Christ-like Discipleship


And sometimes it amazes me – but mostly humbles me – to think that we have been called on that same journey. Our experience is not something separate, but wholly wrapped up in that first call to come. To follow. To serve. To submit. To love. To experience life with Jesus and his mission. It may seem, at times, that what we do is different from that of the first followers, but it’s not. At the core of our own calling is this: to lay down our self in order to pick up a cross.

When we distance ourselves from the disciple’s experience, though, we distance ourselves from the life of discipleship. These individuals walked with Jesus and talked with Jesus. They grew to depend on his teaching and wisdom. They saw the life that he lived and were called to continue that same life-giving life. They experienced life in community with each other and with God, himself.

And this is what I want. I want it for myself and I want it for the people of our church. I long for my life to be a continuation of what the early believers knew as discipleship. Far too often I trade being a disciple for being a Christian. I know that may sound like an odd statement (why is being a Christian such a bad thing!?!). But what I mean is that I trade the life-long journey of growing as a disciple for the status of being a Christian. We have the tendency to trade the daily transformative walk with Christ for going to church on Sundays.

For years, our church has had a variety of small groups/Bible studies/prayer groups available. These groups are so important, for a lot of reasons. Primarily because these groups can be a great source of discipleship! When done well, these groups can feed into our lives in a way that other things – including Sunday mornings – can’t. These groups can be opportunities for us to grow in three specific areas: fellowship, study, and service.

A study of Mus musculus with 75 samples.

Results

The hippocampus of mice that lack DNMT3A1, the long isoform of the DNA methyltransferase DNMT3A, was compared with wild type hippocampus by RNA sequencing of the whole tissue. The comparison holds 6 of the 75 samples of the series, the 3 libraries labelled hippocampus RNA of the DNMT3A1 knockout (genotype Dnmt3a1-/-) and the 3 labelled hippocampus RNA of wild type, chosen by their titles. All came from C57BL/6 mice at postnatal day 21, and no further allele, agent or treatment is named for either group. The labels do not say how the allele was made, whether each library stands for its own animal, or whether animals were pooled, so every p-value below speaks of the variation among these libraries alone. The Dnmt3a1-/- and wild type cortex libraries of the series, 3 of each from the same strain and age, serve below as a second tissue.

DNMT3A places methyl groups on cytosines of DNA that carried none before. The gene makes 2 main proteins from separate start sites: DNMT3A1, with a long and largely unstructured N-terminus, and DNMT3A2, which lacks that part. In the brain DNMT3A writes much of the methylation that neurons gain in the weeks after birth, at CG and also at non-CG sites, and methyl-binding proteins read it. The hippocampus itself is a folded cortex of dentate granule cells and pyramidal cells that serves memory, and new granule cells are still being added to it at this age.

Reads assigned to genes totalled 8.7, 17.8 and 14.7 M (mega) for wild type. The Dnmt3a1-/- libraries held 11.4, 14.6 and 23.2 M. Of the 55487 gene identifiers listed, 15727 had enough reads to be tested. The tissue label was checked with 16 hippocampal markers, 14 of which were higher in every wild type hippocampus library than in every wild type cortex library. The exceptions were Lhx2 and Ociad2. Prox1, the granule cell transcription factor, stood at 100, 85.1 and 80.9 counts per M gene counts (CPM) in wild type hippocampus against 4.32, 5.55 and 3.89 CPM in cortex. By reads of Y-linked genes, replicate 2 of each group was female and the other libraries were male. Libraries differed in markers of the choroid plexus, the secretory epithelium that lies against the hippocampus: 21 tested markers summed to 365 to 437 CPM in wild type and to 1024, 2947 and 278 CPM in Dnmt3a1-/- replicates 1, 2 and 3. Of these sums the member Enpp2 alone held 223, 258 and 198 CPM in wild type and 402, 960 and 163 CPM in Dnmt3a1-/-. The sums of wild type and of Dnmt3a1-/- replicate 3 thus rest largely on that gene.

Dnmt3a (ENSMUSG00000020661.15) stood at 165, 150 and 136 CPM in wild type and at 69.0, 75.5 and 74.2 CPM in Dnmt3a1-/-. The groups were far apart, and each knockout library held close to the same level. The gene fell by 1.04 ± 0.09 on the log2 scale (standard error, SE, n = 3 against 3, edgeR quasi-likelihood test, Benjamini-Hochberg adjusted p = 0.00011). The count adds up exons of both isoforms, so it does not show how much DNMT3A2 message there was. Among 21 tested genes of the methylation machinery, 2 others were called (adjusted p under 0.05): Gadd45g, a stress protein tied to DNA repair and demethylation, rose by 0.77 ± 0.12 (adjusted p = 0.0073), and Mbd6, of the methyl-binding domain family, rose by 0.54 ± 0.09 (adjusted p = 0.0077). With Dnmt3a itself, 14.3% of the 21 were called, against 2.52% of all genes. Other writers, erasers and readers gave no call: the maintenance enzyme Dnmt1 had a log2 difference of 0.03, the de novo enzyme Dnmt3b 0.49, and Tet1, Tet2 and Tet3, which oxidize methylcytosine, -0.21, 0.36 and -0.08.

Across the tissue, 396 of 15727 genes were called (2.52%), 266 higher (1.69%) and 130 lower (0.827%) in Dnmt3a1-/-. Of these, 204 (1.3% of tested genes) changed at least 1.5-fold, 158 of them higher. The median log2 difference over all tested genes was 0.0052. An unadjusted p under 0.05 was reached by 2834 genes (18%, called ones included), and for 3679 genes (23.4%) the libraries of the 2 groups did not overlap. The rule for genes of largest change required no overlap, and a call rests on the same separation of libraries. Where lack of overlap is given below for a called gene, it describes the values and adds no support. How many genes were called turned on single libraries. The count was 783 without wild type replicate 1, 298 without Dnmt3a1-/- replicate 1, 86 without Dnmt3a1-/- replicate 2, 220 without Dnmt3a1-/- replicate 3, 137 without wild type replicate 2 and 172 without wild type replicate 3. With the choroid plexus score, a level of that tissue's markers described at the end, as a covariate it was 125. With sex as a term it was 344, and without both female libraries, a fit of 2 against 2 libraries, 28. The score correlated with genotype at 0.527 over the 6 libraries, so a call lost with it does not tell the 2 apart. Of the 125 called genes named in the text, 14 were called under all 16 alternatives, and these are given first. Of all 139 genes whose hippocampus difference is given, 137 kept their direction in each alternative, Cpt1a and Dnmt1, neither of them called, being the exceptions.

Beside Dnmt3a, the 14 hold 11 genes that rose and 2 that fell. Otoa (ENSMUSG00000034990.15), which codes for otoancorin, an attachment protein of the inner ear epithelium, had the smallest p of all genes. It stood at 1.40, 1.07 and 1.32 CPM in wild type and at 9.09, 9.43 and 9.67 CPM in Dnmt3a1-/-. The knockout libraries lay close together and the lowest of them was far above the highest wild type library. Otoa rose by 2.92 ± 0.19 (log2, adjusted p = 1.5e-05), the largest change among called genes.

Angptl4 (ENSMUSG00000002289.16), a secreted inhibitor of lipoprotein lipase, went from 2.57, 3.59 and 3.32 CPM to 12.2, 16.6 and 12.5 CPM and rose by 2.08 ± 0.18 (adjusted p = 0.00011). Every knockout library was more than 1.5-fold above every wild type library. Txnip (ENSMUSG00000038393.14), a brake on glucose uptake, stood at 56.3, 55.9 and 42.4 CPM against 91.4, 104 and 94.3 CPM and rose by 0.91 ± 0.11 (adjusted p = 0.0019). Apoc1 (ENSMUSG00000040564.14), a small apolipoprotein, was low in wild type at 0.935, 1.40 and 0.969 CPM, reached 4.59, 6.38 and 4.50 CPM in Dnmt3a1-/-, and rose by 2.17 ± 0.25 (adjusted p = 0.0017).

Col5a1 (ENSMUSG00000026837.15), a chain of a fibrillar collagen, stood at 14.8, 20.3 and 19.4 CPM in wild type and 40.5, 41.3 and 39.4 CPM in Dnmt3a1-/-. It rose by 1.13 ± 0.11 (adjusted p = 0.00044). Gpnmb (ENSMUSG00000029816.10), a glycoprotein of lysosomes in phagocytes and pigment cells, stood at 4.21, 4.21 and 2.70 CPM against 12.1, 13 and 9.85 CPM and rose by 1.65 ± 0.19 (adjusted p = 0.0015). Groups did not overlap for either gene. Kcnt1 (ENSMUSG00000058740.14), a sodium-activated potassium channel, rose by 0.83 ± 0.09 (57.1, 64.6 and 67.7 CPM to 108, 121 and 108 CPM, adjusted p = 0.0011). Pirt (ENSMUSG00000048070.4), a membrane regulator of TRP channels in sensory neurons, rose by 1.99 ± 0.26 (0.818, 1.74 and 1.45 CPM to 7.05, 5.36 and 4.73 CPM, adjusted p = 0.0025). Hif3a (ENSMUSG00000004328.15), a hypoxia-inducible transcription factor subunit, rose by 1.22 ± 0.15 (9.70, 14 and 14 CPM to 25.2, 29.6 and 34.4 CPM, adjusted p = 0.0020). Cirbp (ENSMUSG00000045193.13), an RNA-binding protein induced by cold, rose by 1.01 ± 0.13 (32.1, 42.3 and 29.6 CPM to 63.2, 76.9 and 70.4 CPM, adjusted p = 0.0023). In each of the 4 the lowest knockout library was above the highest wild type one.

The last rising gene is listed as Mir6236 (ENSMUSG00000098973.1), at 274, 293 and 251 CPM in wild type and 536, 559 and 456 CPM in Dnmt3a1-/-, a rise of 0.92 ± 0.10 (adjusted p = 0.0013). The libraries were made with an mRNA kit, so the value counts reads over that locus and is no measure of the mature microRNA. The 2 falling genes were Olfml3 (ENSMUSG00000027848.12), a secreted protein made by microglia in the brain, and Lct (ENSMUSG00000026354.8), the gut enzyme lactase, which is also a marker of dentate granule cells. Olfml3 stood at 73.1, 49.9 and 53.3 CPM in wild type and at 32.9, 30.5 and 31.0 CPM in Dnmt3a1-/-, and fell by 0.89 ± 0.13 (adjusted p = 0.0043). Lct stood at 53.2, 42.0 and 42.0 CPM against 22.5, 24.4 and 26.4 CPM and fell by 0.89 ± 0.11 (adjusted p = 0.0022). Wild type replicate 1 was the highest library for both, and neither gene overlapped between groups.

Fellowship:

Sunday mornings are a great time to connect with others, but small groups take it one step further. Small groups allow opportunities to get deep into each other’s lives, if we’re willing to let people in. Small groups can often be inauthentic and surfacy, but also have the capacity to be a great opportunity to have deeper conversations.
 

Study:

Although we can learn lots on Sunday mornings, there are also limitations. In a small group, we can ask questions and draw from other voices and experiences that we don’t get in the church service. Also, there is a limit to how much we can study from the Bible if we limit ourselves to Sunday morning. Small groups offer greater opportunities to read and reflect on God’s Word together.
 

Service:

Okay, this is where we most often fail; and often because we just don’t think of service as an integral part of small groups or worship. But think about how much time Jesus spent caring for people’s needs. It not only forms the basis for Jesus’ earthly ministry (Luke 4:18-21), but our ability (or inability) to do this is reflective of what we do for Christ himself (Matt. 25:31-46)!

In my mind, there is nothing more formative for us as disciples, and nothing that reflects the original discipleship more, than these three areas. I believe a good small group (or whatever you happen to call it) is one that has a healthy mix of these three areas. A group that only studies and never takes the time to facilitate authentic relationships will never have the same kind of depth. A group that hangs out and studies, but neglects opportunities to serve others together will become an internally serving group. But wisdom is found in creating opportunities for all three of these aspects.

My greatest prayer for all of us, though, is that our discipleship would reflect those early women and men who left everything in order to live with and like Messiah.